We’ve all been there been there: You rush home with your shopping bag, eagerly grab the box, rip out the little pockets of tissue paper and plastic, and carefully slip your new shoes onto your feet. There isn’t really anything quite like those first few moments with a new pair of beautiful shoes is there? They make old outfits seems totally new, infusing life and excitement into your boring old wardrobe. They can even change the way you walk — sometimes for the better and sometimes because of the pain of breaking them in.
Almost every single pair of shoes needs to be broken in before they can be comfortably worn for a decent length of time. I made the mistake of going for a long run with my new Nike ID sneakers, and ended up getting blood from my ankles all over the fresh white leopard print fabric (and yes, I nearly cried as I limped home).
My feet are particularly bent out of shape and sad, so I have a really hard time with new shoes, and every footwear purchase I make promises a certain degree of pain and suffering. Not all feet are made the same, so it makes sense that almost every shoe needs to adapt to perfectly suit the foot of its wearer — but does it have to hurt so much?
After working a short stint at a fancy shoe store and buying as many shoes as possible with my discount before quitting, I can tell you that there are ways to avoid bleeding all over your new footwear. Here are my best three tips:
1. Start with baby steps.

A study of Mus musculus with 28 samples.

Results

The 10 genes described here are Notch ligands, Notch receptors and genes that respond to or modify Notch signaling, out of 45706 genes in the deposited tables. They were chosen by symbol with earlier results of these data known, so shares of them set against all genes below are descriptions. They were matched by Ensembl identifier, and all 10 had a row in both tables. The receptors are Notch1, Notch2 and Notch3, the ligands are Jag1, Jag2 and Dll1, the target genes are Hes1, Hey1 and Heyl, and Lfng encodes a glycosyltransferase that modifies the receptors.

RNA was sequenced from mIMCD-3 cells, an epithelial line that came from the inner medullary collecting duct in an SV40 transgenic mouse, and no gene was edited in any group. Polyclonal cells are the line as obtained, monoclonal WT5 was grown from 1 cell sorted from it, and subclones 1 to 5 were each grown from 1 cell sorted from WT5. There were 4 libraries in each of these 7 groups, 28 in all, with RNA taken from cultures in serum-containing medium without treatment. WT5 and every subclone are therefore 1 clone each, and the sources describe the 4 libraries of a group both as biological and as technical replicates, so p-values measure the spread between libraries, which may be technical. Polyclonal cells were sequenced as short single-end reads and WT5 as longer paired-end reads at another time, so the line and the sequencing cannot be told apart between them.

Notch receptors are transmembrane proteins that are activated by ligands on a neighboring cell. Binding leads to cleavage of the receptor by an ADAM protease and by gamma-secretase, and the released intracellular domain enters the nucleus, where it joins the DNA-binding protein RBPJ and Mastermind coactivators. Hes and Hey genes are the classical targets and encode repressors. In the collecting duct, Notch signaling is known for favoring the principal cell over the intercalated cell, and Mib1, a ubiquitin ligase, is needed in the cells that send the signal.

Wear your new shoes around the house, and on short outings several times before taking them on a long trek. When you break your shoes in short spurts, it’s a lot less painful — you can take them off right when they’re starting to hurt. Also, wear thin socks, if possible, for extra foot protection!
2. Get professional help.
If they’re feeling a bit tight, have your shoes stretched at a shoe repair shop, or even a fancy shoe store. The shoe store I used to work in at the mall had a shoe stretching machine in the stockroom, and we used it to make customers’ (and our own) shoes fit more comfortably. This service should be free if you’re purchasing a pair of shoes, or cost under $5 if you’re taking in an old uncomfortable pair. If you would rather D.I.Y., try layering a pair of socks or two over a men’s shoe shaper (for dress shoes) and squish them into your shoe for at least 24 hours. If the shoe is still too tight, add a thicker sock and repeat this process until it fits.
3. Apply heat.
If your shoes are really, really tight in certain spots, try warming up the material with a hair dryer (on low setting), then slip your feet in with two pairs of socks on. The pressure combined with the heat will help the shoes loosen up and contour to your feet. Be careful using this method with synthetics though, as you can melt the plastic a little too much if your hair dryer is on too high! I recommend slowly warming from the inside, then slipping your feet into those toasty soles.
How do you protect your feet from the mutilation of new shoes?